Russia's economy shrank 4.0% year-on-year in the second quarter of 2022, the first full quarter of what Russia calls a "special military operation" in Ukraine, preliminary data from the federal statistics service Rosstat showed on Friday.
The economy is plunging into recession after Moscow sent its armed forces into Ukraine on February 24, triggering sweeping Western restrictions on its energy and financial sectors, including a freeze of Russian reserves held abroad, leading scores of Western companies to quit the market.
Rosstat did not provide any further details but analysts said the contraction had been caused by weakness in consumer demand and the aftermath of sanctions.
"June data suggests the contraction in the Russian economy seems to have bottomed out as the situation in some industries is stabilising," said Sergey Konygin, an economist at Sinara Investment Bank.
The second-quarter contraction in gross domestic product was not as deep as expected. Analysts polled by Reuters had on average forecast GDP would shrink 7% year-on-year in April-June after expanding 3.5% in the first quarter.
The central bank's analysts had expected GDP to contract 4.3% in the second quarter, saying it was on track to fall 7% in the third quarter. The central bank projects the economy will start recovering in the second half of 2023.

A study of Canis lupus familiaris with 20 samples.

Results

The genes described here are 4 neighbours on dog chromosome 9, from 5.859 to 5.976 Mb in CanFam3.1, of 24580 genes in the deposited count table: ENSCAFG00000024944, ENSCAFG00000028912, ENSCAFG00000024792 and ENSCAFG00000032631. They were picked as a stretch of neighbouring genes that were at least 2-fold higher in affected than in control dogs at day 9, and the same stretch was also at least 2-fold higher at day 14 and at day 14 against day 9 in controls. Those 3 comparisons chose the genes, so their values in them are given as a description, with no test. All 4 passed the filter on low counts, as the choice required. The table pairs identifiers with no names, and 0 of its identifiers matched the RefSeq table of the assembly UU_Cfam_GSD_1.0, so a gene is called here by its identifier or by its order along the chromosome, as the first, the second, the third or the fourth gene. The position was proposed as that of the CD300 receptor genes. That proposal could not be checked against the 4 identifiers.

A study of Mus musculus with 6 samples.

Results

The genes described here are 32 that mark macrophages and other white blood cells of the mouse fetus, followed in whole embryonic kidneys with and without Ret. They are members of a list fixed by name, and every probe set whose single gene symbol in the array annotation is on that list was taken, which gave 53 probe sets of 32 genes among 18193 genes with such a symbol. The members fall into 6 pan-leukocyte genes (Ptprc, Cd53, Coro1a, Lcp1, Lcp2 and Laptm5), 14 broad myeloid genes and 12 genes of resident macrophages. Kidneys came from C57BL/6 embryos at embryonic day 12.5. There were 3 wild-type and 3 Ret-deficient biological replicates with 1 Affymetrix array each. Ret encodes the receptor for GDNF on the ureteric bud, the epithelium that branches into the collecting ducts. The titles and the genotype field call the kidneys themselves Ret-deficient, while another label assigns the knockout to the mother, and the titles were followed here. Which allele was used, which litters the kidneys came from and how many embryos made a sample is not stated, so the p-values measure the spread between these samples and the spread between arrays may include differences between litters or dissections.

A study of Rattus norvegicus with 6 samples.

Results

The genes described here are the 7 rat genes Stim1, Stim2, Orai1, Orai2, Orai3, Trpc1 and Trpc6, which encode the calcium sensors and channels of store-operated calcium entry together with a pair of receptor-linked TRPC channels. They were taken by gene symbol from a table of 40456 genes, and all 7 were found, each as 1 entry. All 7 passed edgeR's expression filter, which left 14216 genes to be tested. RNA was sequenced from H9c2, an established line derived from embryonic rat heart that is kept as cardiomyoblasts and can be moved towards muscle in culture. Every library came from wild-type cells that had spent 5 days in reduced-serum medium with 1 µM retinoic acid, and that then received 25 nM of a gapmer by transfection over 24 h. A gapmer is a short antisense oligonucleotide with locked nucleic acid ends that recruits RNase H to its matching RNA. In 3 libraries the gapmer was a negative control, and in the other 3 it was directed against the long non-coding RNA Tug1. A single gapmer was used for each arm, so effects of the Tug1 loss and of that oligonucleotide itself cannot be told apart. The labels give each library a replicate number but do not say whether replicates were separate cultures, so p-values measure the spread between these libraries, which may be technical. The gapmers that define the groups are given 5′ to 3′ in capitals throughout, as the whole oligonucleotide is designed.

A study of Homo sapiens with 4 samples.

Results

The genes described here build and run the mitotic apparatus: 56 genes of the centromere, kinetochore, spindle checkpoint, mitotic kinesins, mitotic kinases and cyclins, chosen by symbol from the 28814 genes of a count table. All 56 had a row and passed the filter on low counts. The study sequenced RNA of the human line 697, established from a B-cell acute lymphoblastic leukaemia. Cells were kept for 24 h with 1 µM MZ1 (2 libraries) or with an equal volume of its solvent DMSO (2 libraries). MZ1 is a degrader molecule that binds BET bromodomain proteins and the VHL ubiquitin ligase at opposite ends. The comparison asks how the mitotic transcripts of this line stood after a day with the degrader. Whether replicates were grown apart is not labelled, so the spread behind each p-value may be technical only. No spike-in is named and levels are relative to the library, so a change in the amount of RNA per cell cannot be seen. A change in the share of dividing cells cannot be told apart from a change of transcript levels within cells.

Given the highly volatile political environment, official forecasts for the depth of Russia's recession vary.
The economy ministry said in April that gross domestic product could fall by more than 12% this year - after growth of 4.7% in 2021 - in what would have been the biggest contraction since the mid-1990s.
But forecasts have softened since then as Russia pushes back against restrictions.
The central bank predicted in April that GDP would shrink 8%-10%, but last month revised that to forecast a 4%-6% contraction.
"GDP contraction will reach its bottom in the first half of 2023," central bank deputy chairman Alexei Zabotkin said on Friday. "The economy will move towards a new long-term equilibrium."